Related topics

Scandals Spotlight Denver Police

March 24, 2000 GMT

DENVER (AP) _ Despite a sharp decline in crime, Denver’s finest are under the gun in the worst series of police scandals since the city was known as the ``crooked cop capital of the United States″ in the 1960s.

This week, the city paid $400,000 to the family of a man killed in a raid at the wrong house, was fined $10,000 by a federal judge for failing to cooperate with a police brutality investigation, and swore in a new cop who admitted he once used cocaine and LSD.

Last month Police Chief Tom Sanchez was ousted in the fallout from the SWAT raid. Police also have been criticized _ and cleared of wrongdoing _ in recent beatings of three suspects while television crews taped them.

City Councilman Ed Thomas, who spent 22 years as a Denver officer, said Denver has become one of the most prosperous cities in the nation under Mayor Wellington Webb, with crime dropping 25 percent from 1992 to 1998.

But, he said, the police controversy could become ``Webb’s snowstorm,″ referring to a major snowstorm that crippled the city for a week, costing Mayor Bill McNichols his job in the 1982 election.

Acting Police Chief Gerald Whitman said he does not believe the problems are insurmountable.

``I think we are suffering from the same problems affecting other departments. We’re going to try to look at their problems and get ahead of the curve. We want to prevent those things from happening,″ he said Friday.

The police force was last rocked by controversy of this magnitude when 54 cops were charged with operating a burglary ring from 1954 to 1962 and became known as ``The Burglars in Blue.″ Most were convicted and went to prison.

``Cops would stand watch outside businesses and homes while colleagues stole dresses and appliances and cracked safes,″ said historian Tom Noel. ``With perhaps a million dollars in ill-gotten gains, it made Denver the U.S. crooked cop capital.″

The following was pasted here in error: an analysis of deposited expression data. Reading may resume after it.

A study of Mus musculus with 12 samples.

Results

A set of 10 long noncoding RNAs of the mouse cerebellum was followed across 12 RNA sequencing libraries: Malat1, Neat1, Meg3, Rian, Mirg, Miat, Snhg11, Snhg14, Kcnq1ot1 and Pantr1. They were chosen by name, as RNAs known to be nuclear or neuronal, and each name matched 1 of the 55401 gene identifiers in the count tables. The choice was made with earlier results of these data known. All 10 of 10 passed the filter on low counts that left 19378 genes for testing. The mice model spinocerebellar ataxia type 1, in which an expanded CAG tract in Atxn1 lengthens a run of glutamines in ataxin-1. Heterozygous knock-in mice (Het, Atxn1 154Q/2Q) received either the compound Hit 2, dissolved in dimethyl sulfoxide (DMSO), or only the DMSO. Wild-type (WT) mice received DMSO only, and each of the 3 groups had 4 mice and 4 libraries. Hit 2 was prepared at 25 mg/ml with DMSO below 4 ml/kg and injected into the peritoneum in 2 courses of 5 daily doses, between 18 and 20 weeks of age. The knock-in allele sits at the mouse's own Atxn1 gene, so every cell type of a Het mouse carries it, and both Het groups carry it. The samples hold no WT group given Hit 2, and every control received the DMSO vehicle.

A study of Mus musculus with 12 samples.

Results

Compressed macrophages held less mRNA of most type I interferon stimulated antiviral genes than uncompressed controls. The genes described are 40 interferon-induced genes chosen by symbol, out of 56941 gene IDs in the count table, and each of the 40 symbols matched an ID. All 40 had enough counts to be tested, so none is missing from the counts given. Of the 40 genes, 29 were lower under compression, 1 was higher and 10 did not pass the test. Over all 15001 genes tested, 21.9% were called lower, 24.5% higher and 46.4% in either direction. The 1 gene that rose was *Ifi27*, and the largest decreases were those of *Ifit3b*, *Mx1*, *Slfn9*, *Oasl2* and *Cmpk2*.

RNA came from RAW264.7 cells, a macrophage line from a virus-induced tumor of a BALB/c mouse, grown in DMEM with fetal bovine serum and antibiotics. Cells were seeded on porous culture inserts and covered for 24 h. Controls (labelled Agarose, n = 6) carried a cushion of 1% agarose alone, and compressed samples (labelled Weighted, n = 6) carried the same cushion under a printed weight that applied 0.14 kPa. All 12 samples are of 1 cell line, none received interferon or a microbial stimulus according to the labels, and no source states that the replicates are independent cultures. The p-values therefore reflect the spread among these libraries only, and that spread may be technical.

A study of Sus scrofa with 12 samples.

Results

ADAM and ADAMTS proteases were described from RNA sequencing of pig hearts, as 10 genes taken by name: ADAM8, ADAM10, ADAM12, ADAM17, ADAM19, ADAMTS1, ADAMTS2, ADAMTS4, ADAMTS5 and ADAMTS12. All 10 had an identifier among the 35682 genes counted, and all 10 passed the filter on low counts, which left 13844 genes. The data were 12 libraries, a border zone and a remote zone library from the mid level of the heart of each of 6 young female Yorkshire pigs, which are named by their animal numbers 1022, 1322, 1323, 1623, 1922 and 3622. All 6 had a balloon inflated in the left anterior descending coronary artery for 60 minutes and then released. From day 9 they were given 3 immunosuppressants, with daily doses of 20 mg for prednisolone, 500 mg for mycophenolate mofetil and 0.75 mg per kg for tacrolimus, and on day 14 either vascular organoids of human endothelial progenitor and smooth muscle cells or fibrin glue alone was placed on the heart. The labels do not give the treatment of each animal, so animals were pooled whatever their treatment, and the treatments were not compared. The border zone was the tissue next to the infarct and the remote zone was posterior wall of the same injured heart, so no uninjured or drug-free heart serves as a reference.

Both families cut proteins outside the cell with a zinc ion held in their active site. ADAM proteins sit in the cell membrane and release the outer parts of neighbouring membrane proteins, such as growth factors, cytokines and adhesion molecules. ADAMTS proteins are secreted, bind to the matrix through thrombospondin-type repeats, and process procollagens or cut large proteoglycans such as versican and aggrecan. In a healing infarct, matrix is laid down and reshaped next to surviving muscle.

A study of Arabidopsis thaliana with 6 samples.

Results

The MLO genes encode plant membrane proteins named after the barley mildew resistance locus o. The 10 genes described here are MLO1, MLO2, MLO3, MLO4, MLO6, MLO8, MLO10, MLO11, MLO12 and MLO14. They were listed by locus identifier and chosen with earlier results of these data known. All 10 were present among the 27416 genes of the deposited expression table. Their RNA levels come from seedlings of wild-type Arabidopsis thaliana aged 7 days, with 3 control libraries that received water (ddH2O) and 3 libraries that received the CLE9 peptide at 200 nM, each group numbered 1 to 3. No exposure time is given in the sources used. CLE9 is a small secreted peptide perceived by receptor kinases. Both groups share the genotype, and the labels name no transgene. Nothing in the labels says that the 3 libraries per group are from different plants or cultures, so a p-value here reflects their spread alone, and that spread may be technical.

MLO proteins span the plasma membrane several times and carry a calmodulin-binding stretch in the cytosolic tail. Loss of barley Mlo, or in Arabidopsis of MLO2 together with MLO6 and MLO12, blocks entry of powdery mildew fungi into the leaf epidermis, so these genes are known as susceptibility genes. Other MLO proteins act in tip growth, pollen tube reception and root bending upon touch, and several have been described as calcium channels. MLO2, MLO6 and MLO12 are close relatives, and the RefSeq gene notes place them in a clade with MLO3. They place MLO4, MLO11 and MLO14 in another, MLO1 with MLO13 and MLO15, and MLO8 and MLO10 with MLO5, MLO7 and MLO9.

The recent spate of problems began in 1997 when officers were caught by a TV news camera beating Gil Webb Jr., whose vehicle smashed into a patrol car and killed an officer. Webb is serving prison time after being convicted of vehicular homicide, assault and driving a stolen car.

On Sept. 29, Ismael Mena, 45, was shot to death after officers broke into his bedroom in a so-called ``no-knock″ raid on the wrong house. Police said he threatened them with a gun.

Two police officers were cleared of wrongdoing. Officer Joseph Bini, who requested the raid, is charged with perjury for allegedly lying when he said he saw an informant going into Mena’s house to get cocaine. The correct target was a suspected drug house next door.

The shooting prompted a public outcry over no-knock raids. A panel assembled by the mayor is considering a temporary ban.

``No matter what the misconduct is, the police are always exonerated,″ said community activist LeRoy Lemos, who has led protests about Mena’s killing. ``People are outraged that there was so much coverup and lack of valid information from the police department from the beginning. ... They operate under a shroud of cover, put out misinformation and go on character-assassination rampages.″

City officials have agreed to pay $400,000 to Mena’s family to settle claims stemming from his death. Sanchez was forced to step down as police chief after Bini was charged Feb. 4.

In a separate case, city attorneys have drawn the ire of a federal judge who ordered them to release 3,000 internal-affairs files to attorneys representing a man in a police-brutality lawsuit.

The judge ruled the city had violated his earlier orders to hand over the documents, and he fined Denver $10,000. City attorneys have appealed, contending they were complying with the order.

That case arose from Matthew Combs’ allegations that police officer Timothy McAleer beat him unconscious after a 1998 traffic accident. Police have denied the allegations.

One of the city’s newest officers, Ellis Johnson II, 40, was hired last year even though he admitted that he had used LSD and cocaine. Sanchez opposed the hiring but was overruled by Manager of Safety Butch Montoya.

Johnson declined to comment after graduating from the police academy Friday.

Thomas, the former cop on the City Council, pointed to the huge police corruption scandal that has erupted in Los Angeles since a former officer was caught stealing cocaine from an evidence room and then revealed disturbing abuses in an anti-gang unit.

``If the lax hiring practices that have been approved by Butch Montoya creates the kind of atmosphere that we had in 1960 and that we have now in Los Angeles, he should apologize to the citizens of Denver in his resignation letter,″ Thomas said.